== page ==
The 19-year-old tennis player still lives at home in London with her parents Ian and Renee and despite her sporting success, she still views herself as a typical teenager.
She admitted: "‘I’d say I’m really normal, my mum shouts at me for everything. Like, 'Wash your face!' Because otherwise I pretty much don’t.
"I’m just a normal kid, a normal 19 year old.
"[I'm home] two or three days a month, if that. My bedroom is a mess, always, because I’m always coming in, unpacking everything, and when I unpack, the whole street knows. It’s like a bomb exploded."
Emma credits her father and mother - who were born in Romania and China respectively - for her strong work ethic because they've always pushed her hard to achieve their "high standards".
She told the Telegraph magazine: "My parents’ culture has definitely played a big part in my mindset, because I’ve always been taught the way they think. They’re really tough to please, so I’ve always had to work extra hard and have high standards, because I’ve always wanted to impress them.
"They made it clear to me when something wasn’t good enough. That’s a big factor in why I’m here today… they weren’t giving me any sort of false confidence."
And the tennis ace admitted she gets "no break" because her parents are always "tough" on her.
She added: "That’s the thing, I have no break. The things my dad is tough on me about, my mum’s chilled about; the things my dad’s chilled about, my mum is on me for.
"Mum’s more on the mental and the off-court, respect side of things… and then my dad is more on the business and task side."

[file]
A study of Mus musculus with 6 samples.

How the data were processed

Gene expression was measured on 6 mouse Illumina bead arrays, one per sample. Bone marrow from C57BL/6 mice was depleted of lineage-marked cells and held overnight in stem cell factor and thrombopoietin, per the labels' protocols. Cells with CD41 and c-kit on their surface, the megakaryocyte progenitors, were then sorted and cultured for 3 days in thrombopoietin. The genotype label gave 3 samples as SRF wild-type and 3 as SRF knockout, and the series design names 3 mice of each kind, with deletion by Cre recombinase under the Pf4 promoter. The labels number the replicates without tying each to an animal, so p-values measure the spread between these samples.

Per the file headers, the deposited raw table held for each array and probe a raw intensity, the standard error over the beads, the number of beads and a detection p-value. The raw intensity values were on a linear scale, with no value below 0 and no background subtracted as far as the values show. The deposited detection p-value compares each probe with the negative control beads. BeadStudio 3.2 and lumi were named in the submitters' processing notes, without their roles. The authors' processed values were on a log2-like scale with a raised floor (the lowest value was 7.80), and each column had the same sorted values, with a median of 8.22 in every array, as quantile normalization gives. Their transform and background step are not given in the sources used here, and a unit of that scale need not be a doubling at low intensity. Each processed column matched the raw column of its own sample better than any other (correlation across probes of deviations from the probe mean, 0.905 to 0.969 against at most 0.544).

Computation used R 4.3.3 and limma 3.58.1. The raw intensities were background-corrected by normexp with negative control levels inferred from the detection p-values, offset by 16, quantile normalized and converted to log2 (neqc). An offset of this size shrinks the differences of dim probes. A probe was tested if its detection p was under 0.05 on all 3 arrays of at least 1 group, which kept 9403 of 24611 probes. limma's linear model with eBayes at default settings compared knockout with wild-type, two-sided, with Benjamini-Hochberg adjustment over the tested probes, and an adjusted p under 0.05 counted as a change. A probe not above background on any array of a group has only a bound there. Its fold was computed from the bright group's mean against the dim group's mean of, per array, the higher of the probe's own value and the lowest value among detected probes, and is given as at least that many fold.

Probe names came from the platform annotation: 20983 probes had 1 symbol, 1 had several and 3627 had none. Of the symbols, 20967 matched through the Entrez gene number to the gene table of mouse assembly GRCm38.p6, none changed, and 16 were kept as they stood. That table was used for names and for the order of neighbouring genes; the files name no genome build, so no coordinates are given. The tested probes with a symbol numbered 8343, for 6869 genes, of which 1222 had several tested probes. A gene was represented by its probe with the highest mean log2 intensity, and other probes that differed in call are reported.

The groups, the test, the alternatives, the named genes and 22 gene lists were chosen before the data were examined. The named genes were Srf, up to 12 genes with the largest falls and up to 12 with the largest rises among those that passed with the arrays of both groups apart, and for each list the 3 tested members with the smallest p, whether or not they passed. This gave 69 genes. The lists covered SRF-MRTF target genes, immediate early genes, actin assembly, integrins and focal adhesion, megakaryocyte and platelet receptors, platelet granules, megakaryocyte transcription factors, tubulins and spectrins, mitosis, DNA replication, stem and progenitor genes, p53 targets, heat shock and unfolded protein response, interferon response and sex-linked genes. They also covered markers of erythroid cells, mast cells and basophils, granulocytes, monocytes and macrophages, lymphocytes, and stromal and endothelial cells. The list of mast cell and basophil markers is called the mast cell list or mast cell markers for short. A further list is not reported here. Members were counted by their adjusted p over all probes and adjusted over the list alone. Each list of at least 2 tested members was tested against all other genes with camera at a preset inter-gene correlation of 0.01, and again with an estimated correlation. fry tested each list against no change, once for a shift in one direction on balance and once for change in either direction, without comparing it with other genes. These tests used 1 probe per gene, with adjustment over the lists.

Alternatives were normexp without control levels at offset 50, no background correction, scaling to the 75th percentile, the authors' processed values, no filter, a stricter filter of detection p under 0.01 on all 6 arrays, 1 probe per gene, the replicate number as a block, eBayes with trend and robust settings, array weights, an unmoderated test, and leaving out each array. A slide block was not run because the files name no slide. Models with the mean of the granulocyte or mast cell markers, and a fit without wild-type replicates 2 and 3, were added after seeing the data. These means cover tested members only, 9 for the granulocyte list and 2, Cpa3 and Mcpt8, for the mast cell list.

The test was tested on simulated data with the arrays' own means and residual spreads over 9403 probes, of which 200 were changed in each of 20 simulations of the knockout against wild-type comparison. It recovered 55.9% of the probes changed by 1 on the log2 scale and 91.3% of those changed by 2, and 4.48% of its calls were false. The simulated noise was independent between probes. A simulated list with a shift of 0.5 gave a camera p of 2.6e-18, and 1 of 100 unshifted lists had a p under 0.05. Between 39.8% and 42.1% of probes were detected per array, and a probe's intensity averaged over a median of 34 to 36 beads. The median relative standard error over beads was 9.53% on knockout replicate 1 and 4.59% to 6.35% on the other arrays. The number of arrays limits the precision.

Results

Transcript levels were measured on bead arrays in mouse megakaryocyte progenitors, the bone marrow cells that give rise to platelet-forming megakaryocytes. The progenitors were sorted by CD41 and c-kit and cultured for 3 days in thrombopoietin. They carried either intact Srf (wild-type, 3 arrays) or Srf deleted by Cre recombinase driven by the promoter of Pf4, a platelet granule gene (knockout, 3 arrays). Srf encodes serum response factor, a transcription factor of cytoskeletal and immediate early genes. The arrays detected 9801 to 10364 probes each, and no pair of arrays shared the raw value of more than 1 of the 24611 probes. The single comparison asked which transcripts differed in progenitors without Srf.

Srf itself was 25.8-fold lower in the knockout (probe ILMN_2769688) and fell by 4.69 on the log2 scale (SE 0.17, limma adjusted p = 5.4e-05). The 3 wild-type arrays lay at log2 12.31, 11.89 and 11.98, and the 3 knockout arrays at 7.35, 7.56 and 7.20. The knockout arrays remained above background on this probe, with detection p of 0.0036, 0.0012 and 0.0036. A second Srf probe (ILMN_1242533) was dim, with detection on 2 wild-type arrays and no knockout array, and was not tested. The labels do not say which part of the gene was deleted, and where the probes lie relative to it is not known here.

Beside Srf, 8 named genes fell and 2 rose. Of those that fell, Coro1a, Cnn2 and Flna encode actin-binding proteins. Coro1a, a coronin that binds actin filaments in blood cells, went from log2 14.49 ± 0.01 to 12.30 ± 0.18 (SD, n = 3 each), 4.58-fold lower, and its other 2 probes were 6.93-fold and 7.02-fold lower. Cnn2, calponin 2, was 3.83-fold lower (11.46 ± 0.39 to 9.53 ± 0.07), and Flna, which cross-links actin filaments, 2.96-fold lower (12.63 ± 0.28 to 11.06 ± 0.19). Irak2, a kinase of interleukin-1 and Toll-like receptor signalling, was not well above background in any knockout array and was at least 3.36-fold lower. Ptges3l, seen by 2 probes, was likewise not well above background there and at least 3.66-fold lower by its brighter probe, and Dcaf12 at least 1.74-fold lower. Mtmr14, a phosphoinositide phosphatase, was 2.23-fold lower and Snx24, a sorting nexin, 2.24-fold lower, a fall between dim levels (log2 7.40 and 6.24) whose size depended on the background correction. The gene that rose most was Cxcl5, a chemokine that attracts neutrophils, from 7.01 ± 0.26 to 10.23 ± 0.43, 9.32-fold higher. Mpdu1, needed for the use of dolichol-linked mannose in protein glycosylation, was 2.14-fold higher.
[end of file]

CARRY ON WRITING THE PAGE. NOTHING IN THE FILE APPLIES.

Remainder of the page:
Emma won the US Open last year, shortly after taking her A Levels, and she wishes she'd taken a holiday afterwards.
She said: "I didn’t really give myself that space. I was just straight into the next thing, and I completely forgot I won. I was just so focused, which is the way it should be, but if you go straight into it too soon, you lose that spark you had."
And Emma wishes she spent more time being proud of her achievements instead of just constantly driving herself towards her next goal.
She said: "A lot of the time I forget [about being a Grand Slam champion], and that’s one thing I think I should do more – wake up and be proud of my achievements, and of myself, rather than giving myself a hard time about other things.
"I wake up knowing, look, I started playing tennis as a kid wanting to win a Grand Slam, that’s what I set out [to do], but of course I would want more, and it’s tough to not be absorbed in the results and to really enjoy what you’re doing."